Tomorrow’s opening SCTE Cable-Tec Expo general session in Orlando will feature a conversation between inventor and entrepreneur Dean Kamen (left) and Time Warner Cable Executive Vice President and CTO Mike LaJoie. Kamen is a perfect fit for SCTE because of his groundbreaking research into the practical uses of technology, including the Stirling engine, a device he says can convert almost any fuel into electrical power and, properly implemented, may do so in a system that is clean, quiet, easy to use, easy to maintain and with a long operating life. This mindset fits in well with SCTE’s focus on green initiatives for cable operations.
In a recent conversation with Communications Technology editor Debra Baker, Kamen tipped his hand a little regarding some of the issues he plans to address during the session.
Why did SCTE reach out to you? What does this cable industry need to do regarding action on more sustainable green technology?
We’re were working on a technology that wasn’t being targeted at the telecom industry, but we realized this device (the Stirling engine) was small enough and energy-efficient enough to run on any fuel in a small environment. So we started talking to people. The communications industry isn’t the power industry but it needs power. Time Warner Cable CEO Glenn Britt happens to be on the board of my FIRST program, and I was asked to talk to SCTE about it. Time Warner Cable thinks this is pretty good and wants others to think so, too, with no self interest. SCTE can introduce us to other companies, and we can get this done together. We will be beginning tests soon, and maybe by the show, I’ll be able to announce them.
(Editor’s note: The mission of Kamen’s FIRST initiative is “to inspire young people to be science and technology leaders, by engaging them in exciting mentor-based programs that build science, engineering and technology skills, that inspire innovation, and that foster well-rounded life capabilities including self-confidence, communication, and leadership.”)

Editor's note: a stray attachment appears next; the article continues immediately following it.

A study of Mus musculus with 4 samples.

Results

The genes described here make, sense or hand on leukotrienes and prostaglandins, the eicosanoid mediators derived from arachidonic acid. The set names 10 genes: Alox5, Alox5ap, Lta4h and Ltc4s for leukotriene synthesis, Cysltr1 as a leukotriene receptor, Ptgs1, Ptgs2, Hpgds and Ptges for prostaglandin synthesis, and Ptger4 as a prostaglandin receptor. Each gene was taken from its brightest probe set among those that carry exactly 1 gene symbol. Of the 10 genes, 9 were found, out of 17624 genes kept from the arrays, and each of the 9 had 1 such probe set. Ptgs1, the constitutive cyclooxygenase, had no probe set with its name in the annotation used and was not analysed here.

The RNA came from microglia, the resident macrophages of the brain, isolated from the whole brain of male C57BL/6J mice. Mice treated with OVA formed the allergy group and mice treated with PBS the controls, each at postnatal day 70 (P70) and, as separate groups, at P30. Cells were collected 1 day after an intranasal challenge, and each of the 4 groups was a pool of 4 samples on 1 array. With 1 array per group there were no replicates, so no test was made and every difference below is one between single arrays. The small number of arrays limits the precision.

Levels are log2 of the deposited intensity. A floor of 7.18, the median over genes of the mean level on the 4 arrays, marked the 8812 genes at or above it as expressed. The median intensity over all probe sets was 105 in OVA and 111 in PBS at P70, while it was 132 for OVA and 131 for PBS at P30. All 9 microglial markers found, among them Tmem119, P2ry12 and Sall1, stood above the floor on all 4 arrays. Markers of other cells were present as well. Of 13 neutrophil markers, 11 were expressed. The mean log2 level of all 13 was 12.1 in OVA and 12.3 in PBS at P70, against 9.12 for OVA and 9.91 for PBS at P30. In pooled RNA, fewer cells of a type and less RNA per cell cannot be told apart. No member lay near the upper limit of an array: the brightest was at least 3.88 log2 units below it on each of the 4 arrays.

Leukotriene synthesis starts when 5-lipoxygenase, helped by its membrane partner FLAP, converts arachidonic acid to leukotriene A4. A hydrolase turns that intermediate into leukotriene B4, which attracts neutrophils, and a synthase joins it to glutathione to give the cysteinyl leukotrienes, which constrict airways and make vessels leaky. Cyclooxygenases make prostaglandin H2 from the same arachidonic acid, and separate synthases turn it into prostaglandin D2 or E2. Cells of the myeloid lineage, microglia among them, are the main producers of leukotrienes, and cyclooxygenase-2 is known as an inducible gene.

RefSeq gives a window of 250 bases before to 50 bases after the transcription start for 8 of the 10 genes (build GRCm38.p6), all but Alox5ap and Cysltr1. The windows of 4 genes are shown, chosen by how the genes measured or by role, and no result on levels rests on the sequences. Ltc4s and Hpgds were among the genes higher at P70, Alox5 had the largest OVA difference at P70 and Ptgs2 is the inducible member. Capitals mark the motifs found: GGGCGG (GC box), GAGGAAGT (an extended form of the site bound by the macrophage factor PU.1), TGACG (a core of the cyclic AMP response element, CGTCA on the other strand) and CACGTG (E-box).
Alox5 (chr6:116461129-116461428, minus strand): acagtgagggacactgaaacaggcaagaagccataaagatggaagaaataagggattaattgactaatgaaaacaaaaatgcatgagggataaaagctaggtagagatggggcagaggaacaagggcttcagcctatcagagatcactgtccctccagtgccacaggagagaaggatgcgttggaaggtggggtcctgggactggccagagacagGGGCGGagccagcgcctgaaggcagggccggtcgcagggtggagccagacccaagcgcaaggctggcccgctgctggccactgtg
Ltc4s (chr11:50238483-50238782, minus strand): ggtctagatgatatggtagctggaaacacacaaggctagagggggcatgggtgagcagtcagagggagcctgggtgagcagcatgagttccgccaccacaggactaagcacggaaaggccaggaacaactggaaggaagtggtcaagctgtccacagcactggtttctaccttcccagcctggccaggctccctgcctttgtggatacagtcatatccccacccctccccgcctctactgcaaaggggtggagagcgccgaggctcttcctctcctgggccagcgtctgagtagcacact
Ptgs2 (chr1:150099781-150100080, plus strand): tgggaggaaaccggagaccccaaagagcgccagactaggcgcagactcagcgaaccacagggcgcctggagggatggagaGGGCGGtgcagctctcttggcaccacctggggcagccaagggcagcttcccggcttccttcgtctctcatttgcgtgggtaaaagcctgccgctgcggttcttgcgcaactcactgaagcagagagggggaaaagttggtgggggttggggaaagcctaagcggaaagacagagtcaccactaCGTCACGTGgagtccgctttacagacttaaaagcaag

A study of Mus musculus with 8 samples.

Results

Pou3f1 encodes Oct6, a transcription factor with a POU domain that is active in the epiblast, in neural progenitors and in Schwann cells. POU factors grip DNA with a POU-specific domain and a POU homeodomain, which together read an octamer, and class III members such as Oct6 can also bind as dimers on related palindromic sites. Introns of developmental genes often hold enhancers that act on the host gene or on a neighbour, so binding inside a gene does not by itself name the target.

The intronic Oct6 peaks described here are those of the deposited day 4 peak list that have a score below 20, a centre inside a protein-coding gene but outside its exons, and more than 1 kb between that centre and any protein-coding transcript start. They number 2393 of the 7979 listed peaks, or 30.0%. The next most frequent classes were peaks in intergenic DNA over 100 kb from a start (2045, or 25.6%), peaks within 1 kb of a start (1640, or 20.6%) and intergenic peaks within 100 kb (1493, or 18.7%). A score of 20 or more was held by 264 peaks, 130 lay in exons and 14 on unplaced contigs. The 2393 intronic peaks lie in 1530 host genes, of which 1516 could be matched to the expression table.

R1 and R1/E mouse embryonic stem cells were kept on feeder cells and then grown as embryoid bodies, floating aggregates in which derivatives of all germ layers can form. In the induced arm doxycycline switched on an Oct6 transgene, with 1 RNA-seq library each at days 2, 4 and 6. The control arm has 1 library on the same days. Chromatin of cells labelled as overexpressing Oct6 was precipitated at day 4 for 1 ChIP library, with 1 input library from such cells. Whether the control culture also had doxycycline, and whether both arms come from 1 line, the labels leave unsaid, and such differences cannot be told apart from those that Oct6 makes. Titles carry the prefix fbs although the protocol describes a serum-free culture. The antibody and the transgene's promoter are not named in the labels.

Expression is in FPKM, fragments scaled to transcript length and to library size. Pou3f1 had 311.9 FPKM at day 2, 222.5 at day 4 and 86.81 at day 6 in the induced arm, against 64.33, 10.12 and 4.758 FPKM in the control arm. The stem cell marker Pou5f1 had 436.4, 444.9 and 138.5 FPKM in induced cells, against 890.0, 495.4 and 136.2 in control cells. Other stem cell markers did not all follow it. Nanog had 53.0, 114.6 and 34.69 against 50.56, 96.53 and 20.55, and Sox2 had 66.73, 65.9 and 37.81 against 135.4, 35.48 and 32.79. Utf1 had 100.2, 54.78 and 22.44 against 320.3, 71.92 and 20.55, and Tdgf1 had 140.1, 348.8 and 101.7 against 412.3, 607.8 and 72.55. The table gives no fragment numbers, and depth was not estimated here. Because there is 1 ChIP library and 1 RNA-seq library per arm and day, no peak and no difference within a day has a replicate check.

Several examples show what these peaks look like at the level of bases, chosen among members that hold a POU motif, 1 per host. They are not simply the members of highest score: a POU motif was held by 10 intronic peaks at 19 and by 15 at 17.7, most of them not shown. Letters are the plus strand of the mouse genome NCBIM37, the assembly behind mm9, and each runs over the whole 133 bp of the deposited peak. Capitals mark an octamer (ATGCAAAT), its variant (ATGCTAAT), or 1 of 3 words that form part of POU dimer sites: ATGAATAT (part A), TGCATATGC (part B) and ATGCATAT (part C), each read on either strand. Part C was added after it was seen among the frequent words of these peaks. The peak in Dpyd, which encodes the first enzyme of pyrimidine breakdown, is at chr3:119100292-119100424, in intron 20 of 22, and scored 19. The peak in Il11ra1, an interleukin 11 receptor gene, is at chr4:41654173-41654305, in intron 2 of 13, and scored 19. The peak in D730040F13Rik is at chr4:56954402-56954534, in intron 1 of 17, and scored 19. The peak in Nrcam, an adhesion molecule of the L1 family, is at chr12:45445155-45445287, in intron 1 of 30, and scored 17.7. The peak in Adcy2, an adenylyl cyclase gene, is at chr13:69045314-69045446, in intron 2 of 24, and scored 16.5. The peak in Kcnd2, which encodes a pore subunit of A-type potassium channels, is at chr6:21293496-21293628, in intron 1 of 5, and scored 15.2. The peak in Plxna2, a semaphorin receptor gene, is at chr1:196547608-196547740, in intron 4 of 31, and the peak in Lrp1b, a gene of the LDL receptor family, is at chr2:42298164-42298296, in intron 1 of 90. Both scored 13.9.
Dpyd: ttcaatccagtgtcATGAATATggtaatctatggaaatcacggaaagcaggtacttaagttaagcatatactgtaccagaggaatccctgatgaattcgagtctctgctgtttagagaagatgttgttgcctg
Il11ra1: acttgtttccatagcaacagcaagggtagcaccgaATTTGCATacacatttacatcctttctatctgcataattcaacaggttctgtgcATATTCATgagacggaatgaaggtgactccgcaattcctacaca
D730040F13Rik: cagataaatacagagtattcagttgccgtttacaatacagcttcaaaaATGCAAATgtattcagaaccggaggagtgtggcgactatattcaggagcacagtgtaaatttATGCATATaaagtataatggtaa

Can the engine scale from being able to power a Time Warner Cable to powering a Tier 1 or Tier 2 cableco serving rural areas?
It’s ideal for both. It’s as small as a home appliance, and that’s the whole point. It’s smaller than a refrigerator; you could put it next to a building, a hot-water heater, a furnace. It favors the microgrid.
But is it affordable?
Oh, it’s very affordable. A typical power plant costs hundreds of millions or billions of dollars these days, and, at tens of thousands of dollars, it is quite affordable.
Would an operator need more than one?
A typical site won’t need more than one.
Will this end up being a pretty easy sell? Is there anything that would prevent an operator from wanting to adopt this power technology?
There always are things that cause people to hesitate. Most people are comfortable with what they know and, while this is exciting, it’s completely different.
Once you commence the trials, when do you think this device will become a reality in the cable industry?
We hope that, in a few years, there will be lots of them popping off the production line.
Outside of cable, how has the Stirling engine been used? Telecom? Utilities?
We are just starting out. This is the first time we’ve really talked about this as a potentially available technology. We haven’t talked to anyone else yet.
What other points will you be addressing tomorrow during your keynote?
I think the idea of a distributed power system is important. If we do put a lot of these out into the environment, it will help guard against effects of natural disasters and could help with cybersecurity, and that’s very important to this industry.